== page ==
CRL gathers and provides information here about commercial and open access digital resources of interest to the CRL community. This information is intended to inform library decisions on investment in electronic resources and related services.
American Fiction, 1774-1920 provides access to works taken directly from Lyle H. Wright’s American Fiction: A Contribution Towards a Bibliography (San Marino, California, 1965-69); post-1900 works from the Library of Congress Shelf List of American Adult Fiction; and "American Fiction, 1901-1925: A Bibliography" by Geoff Smith from the holdings of the William Charvat Collection of American Fiction at The Ohio State University Libraries.
British Literary Manuscripts I, 1660-1900 provides access to facsimile images of literary manuscripts from the Restoration through the Victorian era.
The collection includes letter and diaries, drafts of poems, plays, novels, essays, journals, and more.
British Literary Manuscripts II, Medieval & Renaissance provides access to a collection facsimile images of literary manuscripts from roughly 1120 to 1660.
Crime, Punishment, and Popular Culture, 1790-1920 is a digital archive that provides access to: trial transcripts documents related to the development of forensic techniques, detective agency records, prisoner photographs, newspaper reports, true crime literature, police force records, prison postcards, Penny Dreadfuls, dime novels, detective fiction and mysteries, manuscript collections from well-known figures (police, criminals, detectives), and crime related broadsides and prints.
Early Arabic Printed Books from the British Library, 1475-1900 is a full-text searchable digital collection of early printed books in Arabic script. This collection covers Islamic and Christian literature, law, science, mathematics, astrology, alchemy, medicine, geography, travel, history, chronicles, and literature. It also includes European translations of Arabic works and Arabic translations of Christian religious works.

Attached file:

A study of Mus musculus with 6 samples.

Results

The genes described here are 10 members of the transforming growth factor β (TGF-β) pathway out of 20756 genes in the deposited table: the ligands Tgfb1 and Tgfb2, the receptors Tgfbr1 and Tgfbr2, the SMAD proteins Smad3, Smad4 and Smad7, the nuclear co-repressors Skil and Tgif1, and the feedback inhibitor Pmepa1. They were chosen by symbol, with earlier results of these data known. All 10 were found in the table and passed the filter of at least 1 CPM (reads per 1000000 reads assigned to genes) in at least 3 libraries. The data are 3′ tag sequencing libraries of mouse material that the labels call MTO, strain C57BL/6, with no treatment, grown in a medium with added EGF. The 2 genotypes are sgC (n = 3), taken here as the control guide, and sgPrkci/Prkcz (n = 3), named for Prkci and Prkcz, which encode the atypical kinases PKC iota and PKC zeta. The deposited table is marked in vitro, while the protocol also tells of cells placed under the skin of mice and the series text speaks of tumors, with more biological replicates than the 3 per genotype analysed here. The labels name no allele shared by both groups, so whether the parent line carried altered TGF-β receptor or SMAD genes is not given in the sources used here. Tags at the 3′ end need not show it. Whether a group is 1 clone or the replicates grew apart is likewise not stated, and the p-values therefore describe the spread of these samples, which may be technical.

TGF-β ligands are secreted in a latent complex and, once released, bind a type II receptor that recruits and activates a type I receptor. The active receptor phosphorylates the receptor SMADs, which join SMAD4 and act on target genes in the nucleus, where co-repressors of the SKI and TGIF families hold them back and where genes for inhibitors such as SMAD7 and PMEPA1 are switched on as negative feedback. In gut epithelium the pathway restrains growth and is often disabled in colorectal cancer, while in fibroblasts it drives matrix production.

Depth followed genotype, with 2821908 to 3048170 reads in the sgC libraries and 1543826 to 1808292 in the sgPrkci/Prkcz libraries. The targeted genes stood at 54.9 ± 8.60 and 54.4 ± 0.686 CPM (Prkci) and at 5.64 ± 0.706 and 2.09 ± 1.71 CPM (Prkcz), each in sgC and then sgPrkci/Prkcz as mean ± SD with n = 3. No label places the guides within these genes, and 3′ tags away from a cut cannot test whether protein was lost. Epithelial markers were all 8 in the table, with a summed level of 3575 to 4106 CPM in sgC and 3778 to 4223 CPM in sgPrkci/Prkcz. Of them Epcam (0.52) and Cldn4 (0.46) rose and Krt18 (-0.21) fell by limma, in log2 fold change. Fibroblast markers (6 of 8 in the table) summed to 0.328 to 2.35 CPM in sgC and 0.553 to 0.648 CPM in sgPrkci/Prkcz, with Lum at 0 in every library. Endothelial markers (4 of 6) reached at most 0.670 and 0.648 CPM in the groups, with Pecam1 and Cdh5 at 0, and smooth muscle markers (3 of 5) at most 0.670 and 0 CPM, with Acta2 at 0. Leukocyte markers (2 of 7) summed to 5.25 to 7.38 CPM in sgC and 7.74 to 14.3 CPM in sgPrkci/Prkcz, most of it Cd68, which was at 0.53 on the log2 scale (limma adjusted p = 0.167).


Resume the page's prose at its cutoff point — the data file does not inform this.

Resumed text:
The collection will be available in three modules:Module 1: Islamic literature, Christian literature and Islamic law Module 2: Sciences, History, Geography and Periodicals Module 3: Literature, Grammar, Language, Catalogues and...
The Making of the Modern World (MOMW) is a very large digital collection of over 60,000 works primarily on economics written in Europe and the United States. It is comprised of two parts: MOMW I (1450-1850), and MOMW II (1851-1914).
Based on Joseph Sabinʼs bibliography, Bibliotheca Americana, this digital collection from Gale Cengage provides a variety of material published about the Americas between 1500 and 1926. Included are works from Argentina, Belgium, Brazil, Canada, Cuba, Denmark, France, Germany, Ireland, Italy, Mexico, Netherlands, Peru, Philippines, Portugal, Spain, Sweden, Switzerland, United Kingdom, United States, and Venezuela.
Slavery and Anti-Slavery: a transnational archive provides access to four series devoted to the history of slavery in America, slave trade, and anti-slavery movement.
The four series are:Slavery and Anti-Slavery 1: Debates over Slavery and Abolition Slavery and Anti-Slavery 2: Slave Trade in Atlantic World Slavery and Anti-Slavery 3: Institution of Slavery Slavery and Anti-Slavery 4: Age of Emancipation
Gale is working with the Smithsonian Institution to expand access to archival content on selected materials held at various Smithsonian repositories, including: the Smithsonian Libraries, Dibner Library of the History of Science and Technology, the Cooper Hewitt Smithsonian Design Library, and the National Museum of American History's Archives Center and Library.
The collections available through this series are:Smithsonian 1: World's Fair and Expositions: Visions of Tomorrow Smithsonian 2: Trade Literature and Merchandising America, 1820-1923 Smithsonian 3: Evolution of Flight, 1784-1991 Smithsonian: Smithsonian (1970-current) + Air & Space (1996-current) ...
While CRL makes every effort to verify statements made herein, the opinions expressed and evaluative information provided here represent the considered viewpoints of individual librarians and specialists at CRL and in the CRL community. They do not necessarily reflect the views of CRL management, its board, and/or its officers.